The Apple of my pronouns

The Apple of my pronouns

This morning my almost-17-year-old came downstairs, iPhone in hand and glee in heart, to show me that she’d added pronouns to my contact info.

It turns out that after a long time of people requesting support for pronouns, Apple finally introduced it with iOS 17:

iOS 17 introduces a widely requested feature to the Contacts app in the form of a new pronouns field.

People often include pronoun preferences in email signatures and on social media, but saving this information to the Contacts app meant manually creating a field in the notes section. Now there’s a preset field where pronoun preferences can be saved.

The pronouns field isn’t just useful with contact cards for others; you can add your own pronoun preferences to your personal contact card as well. Once doing so, your pronoun preferences will be shared along with your other contact information when you trade cards with someone.

It looks like this:

Now when I call my kid, the first image above will appear on her screen. But don’t worry; she’s not in trouble until I use her middle name. 

To point out the obvious: If you are deathly afraid of pronouns, say if you’re Pierre Poilievre or anyone inspired non-ironically by Scott Moe who, is should be said, took his advice from one lone American expert (with apologies to dictionaries everywhere) to deny Saskatchewan kids their fundamental rights to privacy and security of the person, you do not in fact need to burn your iPhone. You can just ignore that field in your contacts.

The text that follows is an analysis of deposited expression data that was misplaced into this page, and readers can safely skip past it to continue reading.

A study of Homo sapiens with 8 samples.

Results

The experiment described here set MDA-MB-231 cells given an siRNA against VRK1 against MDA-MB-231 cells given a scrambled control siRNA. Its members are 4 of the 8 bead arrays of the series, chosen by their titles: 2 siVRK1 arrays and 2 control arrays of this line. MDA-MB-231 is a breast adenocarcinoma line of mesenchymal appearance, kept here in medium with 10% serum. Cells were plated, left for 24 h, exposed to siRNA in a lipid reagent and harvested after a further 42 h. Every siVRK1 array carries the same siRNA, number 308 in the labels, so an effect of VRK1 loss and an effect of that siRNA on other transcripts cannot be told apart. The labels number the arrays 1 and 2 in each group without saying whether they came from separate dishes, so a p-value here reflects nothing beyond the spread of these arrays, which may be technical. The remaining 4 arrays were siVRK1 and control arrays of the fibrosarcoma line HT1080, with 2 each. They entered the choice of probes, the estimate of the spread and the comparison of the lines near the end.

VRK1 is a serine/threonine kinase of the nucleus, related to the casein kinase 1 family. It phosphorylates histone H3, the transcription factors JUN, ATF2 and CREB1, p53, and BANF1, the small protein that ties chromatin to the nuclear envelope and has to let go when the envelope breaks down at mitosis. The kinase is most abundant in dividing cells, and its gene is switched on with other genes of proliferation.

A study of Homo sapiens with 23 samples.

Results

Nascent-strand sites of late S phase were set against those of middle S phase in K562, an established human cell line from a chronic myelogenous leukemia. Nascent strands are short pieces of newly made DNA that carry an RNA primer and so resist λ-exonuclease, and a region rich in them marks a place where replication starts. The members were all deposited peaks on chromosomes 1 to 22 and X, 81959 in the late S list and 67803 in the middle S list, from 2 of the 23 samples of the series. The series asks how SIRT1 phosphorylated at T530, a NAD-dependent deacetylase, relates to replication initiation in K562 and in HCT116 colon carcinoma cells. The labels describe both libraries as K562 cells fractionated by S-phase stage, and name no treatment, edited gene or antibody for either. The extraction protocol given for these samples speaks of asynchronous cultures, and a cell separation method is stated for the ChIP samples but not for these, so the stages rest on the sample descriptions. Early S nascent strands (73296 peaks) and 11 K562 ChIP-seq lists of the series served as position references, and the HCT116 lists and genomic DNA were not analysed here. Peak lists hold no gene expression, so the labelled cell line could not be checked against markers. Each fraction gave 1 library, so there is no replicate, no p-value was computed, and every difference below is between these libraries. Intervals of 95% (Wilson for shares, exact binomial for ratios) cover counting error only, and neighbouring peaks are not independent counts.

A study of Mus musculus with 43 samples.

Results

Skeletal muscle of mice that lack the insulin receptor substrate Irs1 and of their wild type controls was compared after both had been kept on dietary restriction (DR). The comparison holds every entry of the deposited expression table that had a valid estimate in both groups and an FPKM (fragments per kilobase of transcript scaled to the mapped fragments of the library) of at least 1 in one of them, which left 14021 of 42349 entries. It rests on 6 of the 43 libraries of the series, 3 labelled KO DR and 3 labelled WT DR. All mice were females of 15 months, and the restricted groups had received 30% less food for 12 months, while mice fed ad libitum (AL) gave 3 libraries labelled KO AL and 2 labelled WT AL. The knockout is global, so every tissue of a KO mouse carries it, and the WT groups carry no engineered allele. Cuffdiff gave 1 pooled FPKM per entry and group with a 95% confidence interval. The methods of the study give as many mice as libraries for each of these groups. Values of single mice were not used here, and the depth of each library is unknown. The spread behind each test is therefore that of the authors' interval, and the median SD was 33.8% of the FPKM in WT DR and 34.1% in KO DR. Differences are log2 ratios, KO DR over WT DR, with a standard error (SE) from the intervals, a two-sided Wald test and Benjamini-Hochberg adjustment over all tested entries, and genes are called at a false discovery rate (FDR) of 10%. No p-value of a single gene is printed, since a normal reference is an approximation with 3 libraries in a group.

But that’s not the obvious. What should jump at you from the previous paragraph is that I am perfectly capable of writing long-ass sentences. Also that actual normal healthy people in Canada aren’t at all supportive of those radical anti-children policies. On Saturday we were supposed to have a second anti-trans-kids million people march (with apologies to mathematics) and roughly nobody showed up. It appears the plans were cancelled at the last minute. Maybe the organizers were afraid they’d look stupid and retreated. 

Yes, I know. They look stupid regardless.

Did I mention how proud of my kids I am? They knew about this Apple pronoun support before I did. And I’m pretty up on this stuff. 

I quickly added pronouns for my kids et pour mon bien-aimé, and going forward I will add them for new people whose contact information I get, as well as to the ones I already have in my phone. Granted, this may take a while. But yes, I plan on asking people what their pronouns are. I already do that when I meet my kids’ friends. They say I’m the only parent they know who does that. 

I don’t want to be alone anymore and I’m asking for your help. 

People appreciate being asked — except for the bigots who melt on the spot, and frankly it’s always better to know who those people are so please go ahead and join me in asking for pronouns. Not “preferred” pronouns. Just pronouns. A person’s gender identity is not capricious. It’s fundamental to who they are. 

“Oh, hi, Jack. Nice to meet you. What are your pronouns? Mine are they/them.” 

It helps normalize life for the gender diverse and it shows, in a way that can’t be faked because bigots are incapable of lying convincingly about this, that you are in fact a kind and open-hearted human.